What I Really Learned at College as Someone on the Autism Spectrum

Diverse group of college students walking on campus
Diverse group of college students walking on campus

When many people think of a college education, they tend to think about getting a degree in a specific major. They may think about late nights studying (or maybe partying instead), and the many papers to write. I used to think of the same things. As a graduate of Delaware County Community College, I finally realize it means something different.

The education means understanding how to overcome the different obstacles I face, such as the post-traumatic stress disorder (PTSD) I have from my past school experiences due to my late diagnosis of being on the autism spectrum. I learned coping techniques to get me through each day, such as bringing a small item with me for comfort or stepping out for a moment to focus on my breathing. Eventually, many of my PTSD symptoms began to dissipate, and I only dealt with an occasional flashback.

Another thing I learned about was how to manage different situations in life. In the middle of one semester, my grandpa passed away. Overcome with grief, I had to write an email to my professor about the trip I had to take for the funeral. And during that trip, I had to do my best to keep up with the coursework. It was one of the biggest challenges I’ve ever faced. Yet, there was also the moment when I became an aunt for the first time. I was so excited, and couldn’t wait to share the news with my friends and professors!


I had to get used to asking for help when I needed it. In the beginning, I’d always worry about what point I should ask for the support. If I was struggling, I needed to reach out so I wouldn’t fall too far behind. By the end of college, I came to recognize that there were times I might be struggling, but would be just fine figuring things out on my own.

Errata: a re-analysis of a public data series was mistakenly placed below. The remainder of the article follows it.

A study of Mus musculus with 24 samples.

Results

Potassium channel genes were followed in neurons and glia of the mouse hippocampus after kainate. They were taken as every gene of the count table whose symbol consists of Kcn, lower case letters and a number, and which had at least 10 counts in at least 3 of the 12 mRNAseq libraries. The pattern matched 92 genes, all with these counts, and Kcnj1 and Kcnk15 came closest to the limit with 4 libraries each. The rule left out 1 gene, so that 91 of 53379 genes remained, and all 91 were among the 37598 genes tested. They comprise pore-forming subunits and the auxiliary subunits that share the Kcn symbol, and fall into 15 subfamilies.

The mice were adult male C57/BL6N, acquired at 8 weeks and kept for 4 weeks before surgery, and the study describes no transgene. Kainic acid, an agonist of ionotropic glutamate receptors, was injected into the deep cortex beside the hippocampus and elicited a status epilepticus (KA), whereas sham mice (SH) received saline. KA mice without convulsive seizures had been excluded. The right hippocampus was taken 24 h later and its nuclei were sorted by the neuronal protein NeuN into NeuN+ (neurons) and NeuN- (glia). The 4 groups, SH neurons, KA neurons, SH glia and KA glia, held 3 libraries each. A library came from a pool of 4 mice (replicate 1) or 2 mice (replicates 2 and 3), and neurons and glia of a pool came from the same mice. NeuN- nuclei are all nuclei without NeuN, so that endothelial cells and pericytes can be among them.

There were many instances where others encouraged me to push myself. At first I was resistant to all of them, because I thought I knew my limitations. I was often told to try taking two classes instead of only one. I was confident this would be too much for me. However, some people also suggested taking an accelerated class. While I was anxious, I realized I could push myself a little bit to take the course I needed.


I’m certainly a perfectionist at heart. Going through college had me taking perfectionism to the extreme! I didn’t want to make any mistakes and worried constantly. Over time, I began to realize I could learn a lot from those mistakes. Instead of getting upset, I’d take a deep breath and remember that lesson for the future. I realized I didn’t have to be completely perfect.

When I started out attending college, I was often confused. How do am I supposed to remember so much information? How do I apply that information to every day life? How exactly do I learn? I struggled at times. Was I understanding things correctly? As the classes continued, at some point I began to get it. I earned decent grades on the assignments, I passed the tests, and I realized I could learn the material. I finally learned how to learn.